I know of a few camping goods stores that will rent out tents, sleeping bags, etc for a week. Has anyone heard of a place that will rent out panniers and other bicycle-specific gear? I'm planning my first tour (the GAP/C&O combo -- nothing too flashy); I'd like to see if I can rent good panniers and try them out before buying a set of my own.

What other bike specific gear do you want to rent that can not be borrow or rented from a camping store? You can make your own pop-can stove and use pots and pans you already have at home.

How about kitty litter bucket panniers? Maybe set you back about $15!

About the only way rentals make any sense is if you are traveling somewhere and don't want to carry the gear with you.

I have a pair of Sunlites that served me well on a couple of trips. Add a small backback strapped to the rear rack and it is plenty space for a 2 week credit card tour. Total cost, around $75 including rack. I have since upgraded to Ortliebs but would still use the Sunlites for short trips.

Tent, I have one of these. Good buy


Your approach seems sensible and practical. Do your first tour with minimal investment. 10 Wheels ideas are good. Learn the ropes and get a handle on your personal preferences/needs. If touring looks like it'll be something you'll want to continue, you'll be an educated shopper for bigger/better/lighter/more durable.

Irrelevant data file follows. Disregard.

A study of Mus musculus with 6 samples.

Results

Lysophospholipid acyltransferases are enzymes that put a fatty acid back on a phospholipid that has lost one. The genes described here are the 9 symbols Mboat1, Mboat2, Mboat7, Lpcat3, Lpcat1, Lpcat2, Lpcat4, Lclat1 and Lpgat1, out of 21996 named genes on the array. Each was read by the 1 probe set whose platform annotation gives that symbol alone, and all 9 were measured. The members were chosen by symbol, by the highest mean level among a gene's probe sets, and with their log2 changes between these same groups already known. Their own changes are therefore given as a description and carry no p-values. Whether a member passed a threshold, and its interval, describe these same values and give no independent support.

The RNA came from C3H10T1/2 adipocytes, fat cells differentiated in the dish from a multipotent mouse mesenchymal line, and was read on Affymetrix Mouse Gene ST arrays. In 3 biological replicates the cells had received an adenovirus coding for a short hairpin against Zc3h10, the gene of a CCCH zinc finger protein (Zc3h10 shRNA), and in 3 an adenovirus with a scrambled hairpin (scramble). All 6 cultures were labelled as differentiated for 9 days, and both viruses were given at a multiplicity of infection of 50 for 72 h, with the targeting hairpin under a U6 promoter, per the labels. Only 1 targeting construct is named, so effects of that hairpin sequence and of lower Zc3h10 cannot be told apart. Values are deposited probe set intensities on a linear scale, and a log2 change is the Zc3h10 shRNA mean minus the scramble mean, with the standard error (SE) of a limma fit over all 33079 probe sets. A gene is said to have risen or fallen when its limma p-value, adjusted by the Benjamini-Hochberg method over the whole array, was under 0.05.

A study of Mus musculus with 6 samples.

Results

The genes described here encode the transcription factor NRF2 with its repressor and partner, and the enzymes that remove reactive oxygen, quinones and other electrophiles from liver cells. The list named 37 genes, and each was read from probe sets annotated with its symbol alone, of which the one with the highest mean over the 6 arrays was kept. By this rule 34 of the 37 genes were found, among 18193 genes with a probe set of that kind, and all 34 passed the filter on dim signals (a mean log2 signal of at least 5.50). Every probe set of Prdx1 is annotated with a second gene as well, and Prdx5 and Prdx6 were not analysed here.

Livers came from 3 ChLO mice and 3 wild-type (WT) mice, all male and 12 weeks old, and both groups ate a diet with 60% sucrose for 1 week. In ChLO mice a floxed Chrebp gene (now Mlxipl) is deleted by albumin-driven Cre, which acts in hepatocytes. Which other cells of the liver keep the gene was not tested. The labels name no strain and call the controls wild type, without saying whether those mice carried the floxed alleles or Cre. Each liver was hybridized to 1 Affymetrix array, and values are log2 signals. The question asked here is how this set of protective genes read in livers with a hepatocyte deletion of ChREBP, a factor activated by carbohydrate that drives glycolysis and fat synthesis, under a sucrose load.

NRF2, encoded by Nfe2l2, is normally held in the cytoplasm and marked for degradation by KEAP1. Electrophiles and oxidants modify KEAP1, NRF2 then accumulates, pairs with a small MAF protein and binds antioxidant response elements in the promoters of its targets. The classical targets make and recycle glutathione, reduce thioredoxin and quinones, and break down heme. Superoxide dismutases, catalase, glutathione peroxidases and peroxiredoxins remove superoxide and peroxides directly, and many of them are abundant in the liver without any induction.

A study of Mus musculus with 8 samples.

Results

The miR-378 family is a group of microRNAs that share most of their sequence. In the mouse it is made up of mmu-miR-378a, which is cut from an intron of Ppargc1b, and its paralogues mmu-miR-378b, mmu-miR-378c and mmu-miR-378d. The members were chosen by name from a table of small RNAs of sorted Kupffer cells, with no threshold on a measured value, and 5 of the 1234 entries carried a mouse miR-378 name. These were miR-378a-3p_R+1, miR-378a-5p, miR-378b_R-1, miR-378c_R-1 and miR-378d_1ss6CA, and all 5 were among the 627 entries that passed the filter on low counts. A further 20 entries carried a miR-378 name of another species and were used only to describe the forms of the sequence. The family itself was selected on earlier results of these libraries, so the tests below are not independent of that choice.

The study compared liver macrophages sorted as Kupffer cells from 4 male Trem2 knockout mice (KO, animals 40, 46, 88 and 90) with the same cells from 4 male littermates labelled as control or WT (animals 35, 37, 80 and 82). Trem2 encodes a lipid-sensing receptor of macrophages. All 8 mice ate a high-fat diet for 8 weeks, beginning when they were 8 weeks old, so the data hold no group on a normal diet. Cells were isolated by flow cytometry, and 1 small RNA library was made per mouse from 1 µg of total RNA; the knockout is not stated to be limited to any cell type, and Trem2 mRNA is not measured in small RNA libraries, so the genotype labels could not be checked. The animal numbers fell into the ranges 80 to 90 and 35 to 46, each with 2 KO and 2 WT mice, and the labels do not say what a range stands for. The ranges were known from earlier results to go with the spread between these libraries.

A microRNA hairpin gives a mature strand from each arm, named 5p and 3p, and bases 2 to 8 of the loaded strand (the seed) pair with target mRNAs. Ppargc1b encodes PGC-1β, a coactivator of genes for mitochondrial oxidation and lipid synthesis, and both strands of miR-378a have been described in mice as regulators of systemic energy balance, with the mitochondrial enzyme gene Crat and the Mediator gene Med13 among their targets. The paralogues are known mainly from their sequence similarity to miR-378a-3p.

Actually you can make do on a short tour with a rear rack, some stuff sacks, and bungie cords. All you'll need can be bungied to the bike somewhere. Not as elegant or convenient as standard panniers, but can be made to work. Especially in the summer.

Rule of thumb: If your gear weighs more than about 35 pounds, you may be packing too much. That's excluding the weight of panniers and water.
The bicycle is one of the great inventions of mankind. Delights children, challenges young men to feats of daring, and turns old men into boys again.--Me

I place a premium on durability and repairability. I resent paying good money for junk. A few years ago, I bought a pair of Cannondale panniers that fell apart after two or three seasons. They are beyond the point of repair. Meanwhile, the Cannondale panniers I bought in 1989, made of heavy Cordura nylon, have needed a few stitches and patches , but are still going strong in their 21st season of use!